ATLANTA — Before the Nets began the second half of their season against the Hawks Friday night at Philips Arena, coach Kenny Atkinson delivered a midterm report card to his team that could be summed up as good defense and declining offense. But the real question is how much the Nets might improve on their 15-26 first-half record when D’Angelo Russell returns from knee surgery and when Jahlil Okafor assumes a larger role.
“Our offense is trending down,” Atkinson said. “Our pace has decreased. We’re turning it over a lot more. Our free-throw rate’s gone down, too. The good news is our defense has improved a lot. Teams aren’t shooting as well against us. Effective field-goal percentage is down. I think we’re doing a good job of forcing the right type of shots, we’re defending the three-point line, we’ve done a much better job of keeping teams off the free-throw line . . . It’s going in the right direction.”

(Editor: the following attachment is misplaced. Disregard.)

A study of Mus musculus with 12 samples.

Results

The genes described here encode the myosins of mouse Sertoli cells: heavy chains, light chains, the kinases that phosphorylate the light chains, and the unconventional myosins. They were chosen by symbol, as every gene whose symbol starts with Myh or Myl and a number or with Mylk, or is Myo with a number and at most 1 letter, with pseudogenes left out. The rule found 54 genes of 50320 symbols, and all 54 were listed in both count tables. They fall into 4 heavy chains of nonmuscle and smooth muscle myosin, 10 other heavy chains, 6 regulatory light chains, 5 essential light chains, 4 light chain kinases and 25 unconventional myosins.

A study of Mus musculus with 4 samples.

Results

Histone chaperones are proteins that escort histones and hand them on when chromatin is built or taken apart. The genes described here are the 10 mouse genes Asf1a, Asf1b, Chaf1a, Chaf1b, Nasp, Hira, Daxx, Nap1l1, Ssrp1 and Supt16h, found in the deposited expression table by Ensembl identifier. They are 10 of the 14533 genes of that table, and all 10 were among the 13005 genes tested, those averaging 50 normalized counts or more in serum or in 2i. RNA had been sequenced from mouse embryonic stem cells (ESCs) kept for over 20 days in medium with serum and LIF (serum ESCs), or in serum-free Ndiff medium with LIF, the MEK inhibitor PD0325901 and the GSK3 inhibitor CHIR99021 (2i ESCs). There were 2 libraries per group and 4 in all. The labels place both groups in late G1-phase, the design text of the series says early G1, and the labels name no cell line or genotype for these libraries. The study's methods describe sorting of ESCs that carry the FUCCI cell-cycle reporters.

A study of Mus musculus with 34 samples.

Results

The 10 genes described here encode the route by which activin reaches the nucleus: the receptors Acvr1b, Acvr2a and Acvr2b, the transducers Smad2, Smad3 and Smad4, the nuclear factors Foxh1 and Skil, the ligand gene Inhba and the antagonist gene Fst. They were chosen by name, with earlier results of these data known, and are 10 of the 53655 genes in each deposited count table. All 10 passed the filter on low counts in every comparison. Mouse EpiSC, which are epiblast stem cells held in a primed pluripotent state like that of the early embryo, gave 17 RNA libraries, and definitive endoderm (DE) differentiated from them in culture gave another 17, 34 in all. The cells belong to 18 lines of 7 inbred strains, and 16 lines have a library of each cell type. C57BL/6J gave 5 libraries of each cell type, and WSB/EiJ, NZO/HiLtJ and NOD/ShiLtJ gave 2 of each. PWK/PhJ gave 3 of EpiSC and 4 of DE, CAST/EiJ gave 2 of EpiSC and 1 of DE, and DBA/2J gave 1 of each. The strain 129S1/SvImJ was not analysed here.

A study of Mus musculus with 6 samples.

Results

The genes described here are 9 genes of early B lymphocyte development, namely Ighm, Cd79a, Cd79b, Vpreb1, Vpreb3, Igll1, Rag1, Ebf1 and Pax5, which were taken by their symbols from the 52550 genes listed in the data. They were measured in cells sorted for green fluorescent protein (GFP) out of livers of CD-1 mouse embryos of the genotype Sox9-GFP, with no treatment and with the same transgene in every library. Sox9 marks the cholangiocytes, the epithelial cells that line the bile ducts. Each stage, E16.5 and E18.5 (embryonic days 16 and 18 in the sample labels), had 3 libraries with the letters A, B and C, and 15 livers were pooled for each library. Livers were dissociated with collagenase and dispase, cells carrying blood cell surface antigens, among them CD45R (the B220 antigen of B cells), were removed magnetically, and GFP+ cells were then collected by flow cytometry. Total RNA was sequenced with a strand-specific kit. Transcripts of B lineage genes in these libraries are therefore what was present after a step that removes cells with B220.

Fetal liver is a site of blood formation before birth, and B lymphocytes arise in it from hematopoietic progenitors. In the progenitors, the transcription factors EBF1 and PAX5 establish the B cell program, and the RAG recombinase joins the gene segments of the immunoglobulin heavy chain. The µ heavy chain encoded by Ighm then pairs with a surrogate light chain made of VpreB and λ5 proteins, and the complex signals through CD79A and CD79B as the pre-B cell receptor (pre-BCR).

Russell sat out against the Hawks but has been practicing and is close to a return. He took part in a full-court, three-on-three scrimmage at shootaround Friday morning and has built strength during his recovery from knee surgery with a workout regimen lasting four to five hours per day.
“The goal is to get healthy and put everyone in,” Atkinson said. “Now, when D’Angelo comes back, we’re going to have to figure out what that looks like . . . Do you play Spencer [Dinwiddie] and D’Angelo together? D’Angelo will come back progressively. I’m looking at what’s best for him. Is it best to start him? Definitely thinking about it, but no conclusions yet.”
Since acquiring Okafor a month ago, he has played a limited role. He was scoreless in 17 minutes in the Nets’ blowout loss to Detroit on Wednesday, but Atkinson liked what he saw.
“I know everybody wants him to score 30 points and he wants to do it, but I thought he made the right plays,” Atkinson said. “He’s understanding what we’re doing, and it’s just going to take time. I see the talent. I see the flashes. He’s got some stuff that other guys don’t have.
“He’s still in training-camp mode, still getting his conditioning better. And it’s improved twentyfold. Keep that going, and it will pay dividends. But I like his process right now. He wants to have a great game for us, and it will happen. I’m convinced because I see the talent. He’s been very voluntary and very willing . . . He’s going to really help us. I believe that.”